Kyudojo (a training hall of archery) (弓道場)

"Kyudojo" is a dojo (a training hall) to do kyudo (Japanese art of archery) and kyujutsu (same as above). Kyudojos come in "kintekijo" (dojo for the regular close-range shooting) and "entekijo" (dojo for the long-distance shooting) types and they are designed with safety in mind because yumiya (bow and arrow) is used there. They are often attached to public (prefectural, city-run or town-run) sports facilities.

Summary of equipment
Iba: A spot where an ite (an archer) draws a bow toward a mato (a target). The direction of the referee's seat is called "waki shomen" and that of the mato is called "mato shomen." In the waki shomen, there is also a kamiza (a seat of honor) where a kamidana (a household Shinto altar), the Japanese flag and so on are placed.

Shai: A spot at 28 meters from the surface of the mato in case of kinteki (close-range mato).

Honza: A spot a few paces away from the shai.

Shinpanseki: A referee's seat is taken by a referee or a jury during a competition and so on.

Yamichi and Yatorimichi
Yamichi: A large room where an arrow flies from iba to matoba (an area which houses a sand wall and the mato). It is covered with turf for the purpose of guarding a fallen arrow and so on, but in some cases, gravel, dirt or artificial turf is used.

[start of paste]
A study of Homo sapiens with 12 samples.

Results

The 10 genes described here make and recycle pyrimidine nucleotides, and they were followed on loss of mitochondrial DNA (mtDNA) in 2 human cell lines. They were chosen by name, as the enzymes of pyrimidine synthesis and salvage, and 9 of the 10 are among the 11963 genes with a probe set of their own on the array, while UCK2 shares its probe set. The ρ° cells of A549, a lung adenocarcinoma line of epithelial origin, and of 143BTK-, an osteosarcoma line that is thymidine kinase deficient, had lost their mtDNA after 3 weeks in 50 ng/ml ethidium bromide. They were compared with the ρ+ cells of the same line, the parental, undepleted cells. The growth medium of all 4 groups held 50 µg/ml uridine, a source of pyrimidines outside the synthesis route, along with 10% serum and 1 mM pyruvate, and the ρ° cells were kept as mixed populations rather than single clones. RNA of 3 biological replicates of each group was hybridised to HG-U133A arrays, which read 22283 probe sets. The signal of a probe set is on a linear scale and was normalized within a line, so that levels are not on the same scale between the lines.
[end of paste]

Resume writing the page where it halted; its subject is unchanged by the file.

Yatorimichi (a road to take up an arrow): A road provided at the side of the yamichi, and a person who goes to the matoba to take up an arrow passes it.

Matoba
Kinteki
Azuchi: A sand wall to receive an arrow, at which the mato is set up with a kogushi (or gogushi) stick. River sand or dirt is mainly used for azuchi. River sand, mountain sand and sawn wood are mixed reasonably and heaped up to give a slope of about 50 degrees (Incidentally, sand and so on containing salt is not preferred because it causes rust of the arrow). Materials other than dirt are used where dirt cannot be carried in. Azuchi receives an arrow which is shot from the dojo. It serves as a cushion to guard an arrow against deforming when a flying arrow misses a mato. When an arrow hits the mato, azuchi also serves in the same way as noted above because most arrows which hit the mato penetrate it and stick in the azuchi. Kantekijo: A room or a shed at the side of the azuchi. It is used by a person who does kanteki (to check if an arrow hits the mato) to stay during a competition, and also used for storage of tools for maintaining the mato or the azuchi.

Other equipment
A floodlight or some kind of illuminator: It is used at night to light up the yamichi and the matoba to make a mato and an arrow easier to recognize.

Makiwara-shitsu: A room where a makiwara (a straw butt for kyudo) is placed permanently. Tatami mats (floor coverings made of tightly woven grass and straw) are set up behind the makiwara for fear an arrow might break a wall or window glass when it misses the makiwara.

Safety equipment
If a flying arrow goes in a different direction from the mato, there is a risk of causing a serious accident due to its considerable energy. Therefore, safety equipment including the following is generally installed in the kyudojo. Arrow protection net' is installed to prevent an arrow from flying out of the iba, and 'acrylic board' and 'tempered glass' are installed for a kantekijo with window.